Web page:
How to Install Car Speakers | Installing Aftermarket Speakers in a Car
Getting the best audio gear in the world is going to do you a whole lot of good if you don’t know how to install car speakers.
Fortunately, it’s pretty easy to replace your speakers and the immediate boost in your soundscape is going to make it all worth it in the end.
We’re going to focus on drop ins in this article, since the whole process of boring new holes in the door panels to resize speakers is a bit outside of the purview of the average person’s skill level.
Step 1: Remove the Old Speakers
First things first: always disconnect your car battery when you’re working with the electrical system. Mistakes can be costly if you don’t.
Pulling the old speakers is going to be the first thing you need to manage after the system doesn’t have any power.s
It’s pretty simple, and in most cases won’t require anything other than a flathead and Phillips screwdriver.
If you have a protective screen over the speaker, that will have to be the first part to go. Removal varies between models of vehicle if you still have OEM equipment, and you may want to consult your vehicle’s manual. In many cases all you need to do is pry it off and it’ll come away.
From here you’ll generally be able to just unscrew things and remove the speaker from the mount. Remove it carefully and take special care to look at the connections holding it together.
As a general rule, you’re going to be replicating those connections if you’re installing a coaxial speaker. Component speakers are a bit more complex.
Your connections will come in three usual forms:
+ Direct attachment to the loom is the most common in modern vehicles. In many cases this will result in a complete plug and play replacement.
+ Others will have connectors which hook onto spades on the back of the speaker. These can be removed with a pair of needle-nose pliers, but you need to take special care in order to make sure you know the polarity.
+ Soldered connections are a bit trickier and rare. You’ll want to either clip the wires as close to the solder as possible, then separate them so you know where they are, or use a soldering iron to heat the solder and remove the wires. We recommend just clipping them unless you’re planning on resoldering the wires.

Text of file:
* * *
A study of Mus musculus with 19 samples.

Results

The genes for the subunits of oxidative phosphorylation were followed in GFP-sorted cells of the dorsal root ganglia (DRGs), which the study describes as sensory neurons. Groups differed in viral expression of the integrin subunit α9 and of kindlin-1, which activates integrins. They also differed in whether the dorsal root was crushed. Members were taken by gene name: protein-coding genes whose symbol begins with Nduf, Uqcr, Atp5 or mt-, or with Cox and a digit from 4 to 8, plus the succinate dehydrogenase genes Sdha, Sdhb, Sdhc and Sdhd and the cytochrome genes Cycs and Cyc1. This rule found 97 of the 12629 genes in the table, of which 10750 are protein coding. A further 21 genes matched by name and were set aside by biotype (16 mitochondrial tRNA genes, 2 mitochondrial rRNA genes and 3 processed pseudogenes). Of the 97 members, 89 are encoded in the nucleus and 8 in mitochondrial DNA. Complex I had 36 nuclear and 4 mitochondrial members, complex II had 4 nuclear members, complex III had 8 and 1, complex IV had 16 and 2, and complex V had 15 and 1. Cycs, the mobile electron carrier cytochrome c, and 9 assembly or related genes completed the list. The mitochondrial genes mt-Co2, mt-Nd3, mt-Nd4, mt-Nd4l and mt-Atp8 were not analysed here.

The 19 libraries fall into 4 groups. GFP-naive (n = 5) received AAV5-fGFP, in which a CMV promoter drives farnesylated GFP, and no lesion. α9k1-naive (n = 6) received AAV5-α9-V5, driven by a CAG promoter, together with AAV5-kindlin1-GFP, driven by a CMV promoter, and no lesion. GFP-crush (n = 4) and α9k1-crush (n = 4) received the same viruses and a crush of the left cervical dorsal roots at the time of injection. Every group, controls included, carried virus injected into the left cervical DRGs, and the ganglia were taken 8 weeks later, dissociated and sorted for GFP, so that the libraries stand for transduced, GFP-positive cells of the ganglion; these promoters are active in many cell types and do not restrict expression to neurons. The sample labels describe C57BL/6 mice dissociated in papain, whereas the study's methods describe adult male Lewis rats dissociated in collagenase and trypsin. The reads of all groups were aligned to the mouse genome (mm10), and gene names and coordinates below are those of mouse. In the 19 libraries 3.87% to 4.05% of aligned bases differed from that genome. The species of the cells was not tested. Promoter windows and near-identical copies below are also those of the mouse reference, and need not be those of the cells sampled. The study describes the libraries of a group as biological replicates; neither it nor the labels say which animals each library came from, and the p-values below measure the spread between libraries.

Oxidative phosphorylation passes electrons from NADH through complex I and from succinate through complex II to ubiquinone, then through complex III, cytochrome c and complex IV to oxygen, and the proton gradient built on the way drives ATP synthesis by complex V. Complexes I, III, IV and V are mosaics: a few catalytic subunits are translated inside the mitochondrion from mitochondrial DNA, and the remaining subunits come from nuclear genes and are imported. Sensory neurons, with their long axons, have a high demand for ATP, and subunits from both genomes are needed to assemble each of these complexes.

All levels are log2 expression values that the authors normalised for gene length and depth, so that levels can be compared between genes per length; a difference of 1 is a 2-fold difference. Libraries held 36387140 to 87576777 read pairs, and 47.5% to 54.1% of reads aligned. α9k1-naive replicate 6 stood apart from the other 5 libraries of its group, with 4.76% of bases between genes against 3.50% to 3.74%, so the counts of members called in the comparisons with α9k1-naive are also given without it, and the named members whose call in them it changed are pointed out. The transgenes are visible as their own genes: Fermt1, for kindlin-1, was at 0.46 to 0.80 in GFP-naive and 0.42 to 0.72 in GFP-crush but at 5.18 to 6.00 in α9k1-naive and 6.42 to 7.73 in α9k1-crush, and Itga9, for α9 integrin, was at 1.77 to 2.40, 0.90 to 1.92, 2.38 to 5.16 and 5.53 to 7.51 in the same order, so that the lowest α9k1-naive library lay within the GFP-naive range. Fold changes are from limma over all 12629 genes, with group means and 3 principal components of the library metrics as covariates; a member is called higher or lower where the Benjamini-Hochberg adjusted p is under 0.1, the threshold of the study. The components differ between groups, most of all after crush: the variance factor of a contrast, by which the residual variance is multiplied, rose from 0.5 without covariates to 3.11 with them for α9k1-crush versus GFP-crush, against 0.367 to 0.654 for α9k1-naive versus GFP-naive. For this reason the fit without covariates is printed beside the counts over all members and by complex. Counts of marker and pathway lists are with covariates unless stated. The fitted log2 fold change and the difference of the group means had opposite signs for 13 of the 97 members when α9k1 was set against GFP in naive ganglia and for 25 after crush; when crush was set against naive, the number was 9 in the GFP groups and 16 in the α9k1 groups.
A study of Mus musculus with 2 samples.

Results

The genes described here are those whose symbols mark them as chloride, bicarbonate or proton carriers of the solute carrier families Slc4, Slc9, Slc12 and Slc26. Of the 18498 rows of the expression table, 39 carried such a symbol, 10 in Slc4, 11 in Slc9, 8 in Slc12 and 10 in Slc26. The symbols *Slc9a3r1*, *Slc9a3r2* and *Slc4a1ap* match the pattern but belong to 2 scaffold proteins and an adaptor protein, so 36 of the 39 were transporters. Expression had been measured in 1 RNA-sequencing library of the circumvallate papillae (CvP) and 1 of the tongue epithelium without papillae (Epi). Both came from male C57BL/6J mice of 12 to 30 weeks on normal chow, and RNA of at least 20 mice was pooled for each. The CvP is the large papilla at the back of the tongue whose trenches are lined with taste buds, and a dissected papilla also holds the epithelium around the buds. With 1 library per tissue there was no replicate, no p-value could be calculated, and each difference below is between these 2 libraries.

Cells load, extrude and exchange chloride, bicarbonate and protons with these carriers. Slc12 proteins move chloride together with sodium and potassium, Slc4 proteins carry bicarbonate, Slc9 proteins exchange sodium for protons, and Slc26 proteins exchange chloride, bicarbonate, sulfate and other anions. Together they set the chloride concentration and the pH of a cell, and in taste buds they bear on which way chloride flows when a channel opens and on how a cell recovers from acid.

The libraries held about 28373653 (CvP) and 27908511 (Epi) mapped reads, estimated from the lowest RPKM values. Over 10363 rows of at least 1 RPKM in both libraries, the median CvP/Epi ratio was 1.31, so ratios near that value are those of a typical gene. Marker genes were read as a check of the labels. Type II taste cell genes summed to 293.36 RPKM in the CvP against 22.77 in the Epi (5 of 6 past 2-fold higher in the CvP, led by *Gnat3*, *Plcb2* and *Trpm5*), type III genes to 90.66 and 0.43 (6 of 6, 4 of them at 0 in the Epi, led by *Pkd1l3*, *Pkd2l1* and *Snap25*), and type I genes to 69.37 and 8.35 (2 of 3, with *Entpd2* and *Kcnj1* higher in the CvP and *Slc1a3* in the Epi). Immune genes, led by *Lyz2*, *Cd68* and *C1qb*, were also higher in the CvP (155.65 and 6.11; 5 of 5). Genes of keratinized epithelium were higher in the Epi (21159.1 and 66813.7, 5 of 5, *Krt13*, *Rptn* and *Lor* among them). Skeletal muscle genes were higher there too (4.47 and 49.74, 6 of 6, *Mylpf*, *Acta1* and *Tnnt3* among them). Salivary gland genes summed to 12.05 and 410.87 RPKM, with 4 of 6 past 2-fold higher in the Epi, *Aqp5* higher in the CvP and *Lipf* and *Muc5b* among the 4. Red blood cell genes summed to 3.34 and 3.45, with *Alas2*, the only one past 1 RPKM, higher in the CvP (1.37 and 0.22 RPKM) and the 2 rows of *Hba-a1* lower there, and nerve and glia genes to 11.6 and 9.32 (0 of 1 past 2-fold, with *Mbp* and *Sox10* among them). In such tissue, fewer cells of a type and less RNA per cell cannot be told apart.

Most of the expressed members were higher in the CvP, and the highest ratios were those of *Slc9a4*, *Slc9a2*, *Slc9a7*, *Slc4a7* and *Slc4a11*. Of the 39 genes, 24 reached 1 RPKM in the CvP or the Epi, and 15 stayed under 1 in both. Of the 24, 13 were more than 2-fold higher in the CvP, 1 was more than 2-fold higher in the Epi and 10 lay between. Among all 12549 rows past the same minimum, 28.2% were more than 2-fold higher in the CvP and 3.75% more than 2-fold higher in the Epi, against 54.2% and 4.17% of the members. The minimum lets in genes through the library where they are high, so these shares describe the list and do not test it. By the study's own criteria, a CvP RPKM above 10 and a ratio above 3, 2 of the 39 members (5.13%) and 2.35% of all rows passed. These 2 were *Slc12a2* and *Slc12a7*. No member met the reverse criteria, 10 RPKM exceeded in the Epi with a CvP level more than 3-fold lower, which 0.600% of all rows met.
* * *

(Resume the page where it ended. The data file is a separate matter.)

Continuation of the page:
Step 2-Installing the New Speakers
At this point, you’re going to need to see if your speaker can fit within the stock mount on the car and if the screws line up. If they do… score, you’ll be able to make things easy.
If not, you’ll need to make sure that you have a mount which will fit them and remove the old mount to replace it. This is pretty much always an easy process, so don’t get too worked up about it. If things get particularly hard you may need a drill or impact driver but that’s about as far as you’ll need to go.
Wiring the new speakers in is going to depend on what type of connection is already there.
+ If you’re lucky, you’ll be able to just tie into the loom and move on to the next step.
+ If not, you’ll have to make sure that you get the polarity correct for the connectors. If you’re moving from a previously soldered connection into a connection you’ll need crimps and some connectors.
+ If you have an older connection and a full harness attachment the manual with your speakers should tell you where each color of wire goes. Be careful to ensure that everything aligns properly if that’s the case.
+ Don’t screw things back in just yet.
If you’re installing component speakers then you have one more piece of gear to worry about: the crossover. The crossover needs to go between the receiver and the speakers so that the frequencies fed into your speakers feed properly.
This takes a little bit more electrical knowledge, but it’s easy enough. The real extra work comes in with separating the tweeter and making the holes and running the wires in order to ensure both the best sound and an aesthetic overall look.
There’s a reason coaxials are recommended for most at home installations. You’ll be making permanent alterations to the interior of the vehicle to get everything just right if you’re installing component speakers.
At any rate, you’ll also need a drill and a jig-saw to get it done, but the different placements will vary depending on taste and speakers so just make sure you know where you want things to end up before you start cutting.
Step 3-Testing Your Speakers
The next part of your at-home job is going to be to test your speakers.
Turn the car on and power the radio up, but be ready to shut things down quickly if something went wrong. From there you’ll want to push power to them through the volume knob to make sure they sound right through the full range of power handling they can provide.
If everything sounds right, then turn the car off and disconnect the battery again.
Step 4-Finalizing the Installation
Now you’ll have to properly mount your speakers in order to make sure the job is done. If anything went wrong during the test you’re going to need to try again and make sure you get it right, otherwise you’re going to put yourself through a lot of unnecessary work.
From here, remount the speakers and place any grates which were in place back over them to keep things looking original. You’ll be able to enjoy your new speakers now without any further difficulty.
Knowing how to install car speakers can be a great boon, especially for those who are ready for a mild upgrade. It’s a simple enough process for most people if you go with coaxial speakers, and even component speakers are easy enough to fit in as long as you’re careful about the modifications you make. Give it a shot, you might just be surprised at what you can do.